Eight in team to review dialysis cost
An eight-member technical working group has been established to come up with an agreeable costing for dialysis.
The team comprising four representatives each from the National Hospital Insurance Fund (NHIF) and Kenya Renal Association (KRA) agreed to conclude the exercise in two weeks, during which the members will review the controversial proposal contained in the NHIF Amendment Bill 2021.
During a meeting at NHIF headquarters, a consensus was reached to suspend the proposal – to slash payouts for renal dialysis as part of a cost-cutting drive – until the end of December when it is hoped a resolution would have been reached.
A dispatch from the NHIF yesterday indicated that there is a positive move to have the issue resolved as soon as possible.
“It was agreed that this is the onset of many meetings to come to deliberate on the issues raised,” an official from the Fund who did not wish to be named for reasons of protocol said.
The State-backed insurer has proposed to chop the average payout for a renal dialysis session to Sh6,000 from the current Sh9,500 as it seeks to reduce bills for the weekly procedure by Sh1 billion annually to Sh2.7 billion.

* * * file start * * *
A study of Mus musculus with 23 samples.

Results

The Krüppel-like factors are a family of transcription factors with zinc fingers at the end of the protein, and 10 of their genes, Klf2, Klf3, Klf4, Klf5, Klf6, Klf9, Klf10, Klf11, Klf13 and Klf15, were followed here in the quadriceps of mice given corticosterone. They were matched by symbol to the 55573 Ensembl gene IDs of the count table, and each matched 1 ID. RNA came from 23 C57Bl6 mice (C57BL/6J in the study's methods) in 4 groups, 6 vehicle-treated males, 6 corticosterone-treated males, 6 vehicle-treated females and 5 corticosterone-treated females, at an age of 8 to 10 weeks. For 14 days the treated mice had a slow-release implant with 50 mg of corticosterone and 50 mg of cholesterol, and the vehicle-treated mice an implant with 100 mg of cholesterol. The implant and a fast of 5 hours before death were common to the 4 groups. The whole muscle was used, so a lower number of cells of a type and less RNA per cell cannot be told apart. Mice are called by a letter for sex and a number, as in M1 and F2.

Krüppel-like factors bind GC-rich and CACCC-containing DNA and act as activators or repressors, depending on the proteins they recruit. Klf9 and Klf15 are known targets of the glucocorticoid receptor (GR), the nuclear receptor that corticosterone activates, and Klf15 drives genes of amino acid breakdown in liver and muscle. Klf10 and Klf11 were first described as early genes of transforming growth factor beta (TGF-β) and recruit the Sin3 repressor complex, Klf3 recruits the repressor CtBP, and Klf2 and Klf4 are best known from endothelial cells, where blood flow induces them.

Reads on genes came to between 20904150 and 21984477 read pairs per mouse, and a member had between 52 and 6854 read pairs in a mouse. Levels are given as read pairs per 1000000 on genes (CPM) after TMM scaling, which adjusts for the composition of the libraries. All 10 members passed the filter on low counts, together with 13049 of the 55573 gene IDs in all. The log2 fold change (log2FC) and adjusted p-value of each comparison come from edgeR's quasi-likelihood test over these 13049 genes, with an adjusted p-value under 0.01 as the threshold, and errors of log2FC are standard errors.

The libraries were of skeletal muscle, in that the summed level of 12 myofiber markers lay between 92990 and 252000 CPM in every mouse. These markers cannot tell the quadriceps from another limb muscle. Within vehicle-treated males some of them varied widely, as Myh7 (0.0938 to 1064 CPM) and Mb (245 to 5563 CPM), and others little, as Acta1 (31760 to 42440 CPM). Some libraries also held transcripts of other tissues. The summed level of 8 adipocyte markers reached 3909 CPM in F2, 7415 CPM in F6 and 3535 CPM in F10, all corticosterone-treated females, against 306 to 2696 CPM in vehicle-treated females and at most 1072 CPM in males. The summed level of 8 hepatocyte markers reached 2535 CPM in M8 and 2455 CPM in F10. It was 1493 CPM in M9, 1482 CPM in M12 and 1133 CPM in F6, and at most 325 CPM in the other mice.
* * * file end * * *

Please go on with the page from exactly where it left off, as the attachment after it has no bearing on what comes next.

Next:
In the proposed scheme, a renal patient will be forced to cater for the Sh3,000 difference.
A doctor who attended the meeting said the agreement by the NHIF to suspend the proposal is an opportunity for the two sides to come up with an objective costing for life threatening conditions.
“It also gives us a chance to conduct proper research on the proposal especially around costing in order to establish how the NHIF arrived at the figures,” the doctor told People Daily.
In the new scheme, NHIF will categorise units into comprehensive and non-comprehensive.
In the comprehensive category, patients will not be expected to pay additional fees to top up for their haemodialysis sessions.
In the non-comprehensive category though, patients will top up for their sessions.
The medic who spoke to the People Daily in confidence, however, noted that generally, from the experience of nephrologists, the proposed costing is not practical.
He argued that in the long run if the NHIF goes ahead to implement the proposed fees, then it will be easy for health facilities stopping from offering dialysis services in favour of kidney transplant.